IN PICS | Here's what some of Jozi's busiest roads look like in lockdown
We took a drive around the city so you wouldn't have to
Like virtually all industries, the automotive sector has come to a screeching halt during the national lockdown.
You will find no fresh metal in motoring publications. There is none to showcase. Product launches and sales are non-existent. The forecast is expectedly gloomy - and will be until a semblance of past normality returns.
One silver lining, for what it may be worth, is that car manufacturers of the world have shown a commitment to serving humanity in this dire time of need. Some have begun assisting with the production of ventilators, among other medical paraphernalia. Others have availed their fleets and resources to causes working tirelessly in alleviating the devastation of the Covid-19 pandemic on vulnerable members of society.
Our job as chroniclers of all matters pertaining to wheels continues, even though it's not from behind various dashboards for now. Mobility has remained a notable part of the news mix, particularly in the sphere of public transport, where certain steps (and missteps) from the minister in question have been well-documented.
With our journalistic services permits displayed through the windscreen, we set out to document what some of the usually busy driving routes encountered daily now look like under lockdown.
Empty? Well, sort of.
First stop was Mary Fitzgerald Square in Newtown, corner Henry Nxumalo and Rahima Moosa streets. Our ears twitched on hearing a distinctive mechanical bark in the distance.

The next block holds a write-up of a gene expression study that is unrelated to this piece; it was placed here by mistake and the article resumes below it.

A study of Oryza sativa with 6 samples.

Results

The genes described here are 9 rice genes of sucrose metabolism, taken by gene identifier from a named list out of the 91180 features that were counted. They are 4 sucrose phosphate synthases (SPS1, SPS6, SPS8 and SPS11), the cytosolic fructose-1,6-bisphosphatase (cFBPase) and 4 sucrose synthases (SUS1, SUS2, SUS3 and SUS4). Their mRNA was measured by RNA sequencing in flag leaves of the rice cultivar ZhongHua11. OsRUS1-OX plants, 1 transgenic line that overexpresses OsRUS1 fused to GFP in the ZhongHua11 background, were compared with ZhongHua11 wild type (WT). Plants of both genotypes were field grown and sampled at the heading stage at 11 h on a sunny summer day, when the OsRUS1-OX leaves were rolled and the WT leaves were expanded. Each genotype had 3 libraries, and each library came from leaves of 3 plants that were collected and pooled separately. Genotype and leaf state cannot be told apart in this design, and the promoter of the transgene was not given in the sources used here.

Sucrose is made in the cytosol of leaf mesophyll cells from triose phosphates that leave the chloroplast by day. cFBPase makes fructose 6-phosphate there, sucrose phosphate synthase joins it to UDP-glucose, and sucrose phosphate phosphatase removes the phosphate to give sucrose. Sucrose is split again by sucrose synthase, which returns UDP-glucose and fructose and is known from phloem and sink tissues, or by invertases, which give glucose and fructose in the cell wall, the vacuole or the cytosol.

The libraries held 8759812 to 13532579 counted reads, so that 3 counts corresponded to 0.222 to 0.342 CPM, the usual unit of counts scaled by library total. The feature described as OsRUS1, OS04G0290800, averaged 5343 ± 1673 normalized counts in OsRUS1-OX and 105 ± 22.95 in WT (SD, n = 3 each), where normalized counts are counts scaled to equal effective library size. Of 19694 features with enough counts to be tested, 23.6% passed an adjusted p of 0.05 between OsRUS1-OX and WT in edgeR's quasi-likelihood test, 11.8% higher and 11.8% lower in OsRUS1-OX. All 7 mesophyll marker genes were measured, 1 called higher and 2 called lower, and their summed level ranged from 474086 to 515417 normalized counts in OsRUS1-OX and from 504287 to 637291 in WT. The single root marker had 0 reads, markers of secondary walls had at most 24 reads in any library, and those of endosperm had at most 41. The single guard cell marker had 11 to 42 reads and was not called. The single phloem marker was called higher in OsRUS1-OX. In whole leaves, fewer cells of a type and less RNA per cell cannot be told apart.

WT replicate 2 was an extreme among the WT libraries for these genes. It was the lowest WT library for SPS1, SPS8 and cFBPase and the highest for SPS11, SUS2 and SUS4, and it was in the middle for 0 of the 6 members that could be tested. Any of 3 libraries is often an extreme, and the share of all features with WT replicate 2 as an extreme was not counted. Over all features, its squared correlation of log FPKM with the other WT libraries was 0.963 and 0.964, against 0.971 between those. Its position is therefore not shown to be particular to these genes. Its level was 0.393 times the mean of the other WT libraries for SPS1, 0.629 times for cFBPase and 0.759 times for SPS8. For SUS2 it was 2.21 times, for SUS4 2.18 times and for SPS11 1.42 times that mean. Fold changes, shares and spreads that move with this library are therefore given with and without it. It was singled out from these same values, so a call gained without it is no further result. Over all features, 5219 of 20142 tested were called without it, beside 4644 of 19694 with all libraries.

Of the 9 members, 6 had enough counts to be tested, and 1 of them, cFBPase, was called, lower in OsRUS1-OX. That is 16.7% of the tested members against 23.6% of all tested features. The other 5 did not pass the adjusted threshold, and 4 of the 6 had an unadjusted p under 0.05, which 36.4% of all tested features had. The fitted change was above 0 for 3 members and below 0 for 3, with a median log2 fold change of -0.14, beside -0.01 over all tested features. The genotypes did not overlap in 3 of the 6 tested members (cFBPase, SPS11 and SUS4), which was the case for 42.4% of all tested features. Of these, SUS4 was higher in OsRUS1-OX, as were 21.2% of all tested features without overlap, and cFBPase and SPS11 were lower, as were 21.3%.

As the rumble drew closer it turned out to be the unlikeliest of sights. A green Mercedes-AMG GT R. Hardly the most practical of grocery-getting machines. Hastily, my smartphone camera caught a blurry snap of the rapidly accelerating car for Instagram.
As we drove over Nelson Mandela Bridge a security guard standing watch looked on curiously. Not much foot traffic - or vehicle traffic - to observe save for minibus taxis trekking across from the Bree Street rank.
Next visit, the popular 7th Street in Melville. Under normal conditions, at noon on the day preceding the weekend, it would be simmering in a vibe of people, chatter and music. Now it was simmering in silence.
A lonely red Kia Rio sat outside the pharmacy. The pet store was open. Its minder, sitting on the sidewalk, enjoying a stick of nicotine. An eerie sense pervaded as we looked on at the space outside the popular establishment where revellers lost their lives earlier this year in a shooting incident that marred the start of 2020. Time for us to go.
Never had such an efficient, traffic-free trip to Sandton been taken - and never had the richest square mile in Africa seemed so down on its luck. On the unopened bridge linking Katherine Street to Wynberg, the odd pedestrian strode past while we were busy shooting. There were lengthy intervals between the time that vehicles passed below on the M1 freeway.
Last stop, OR Tambo International Airport. Purely for the novelty of seeing what its terminals look like when not crowded by straggling cars delivering and collecting travellers, impound trucks looking for victims and parking valets in luminescent vests.
As we approached the departures ramp we drew to a gentle halt at a roadblock. The officer was about to let us through. Then he decided it would be prudent to check with a supervisor first. Apologetically he said we would need to get permission from Airports Company South Africa before proceeding with the mission.
No protest from us in the little Volkswagen Polo - we said a friendly thank you then turned the car around and nosed it back.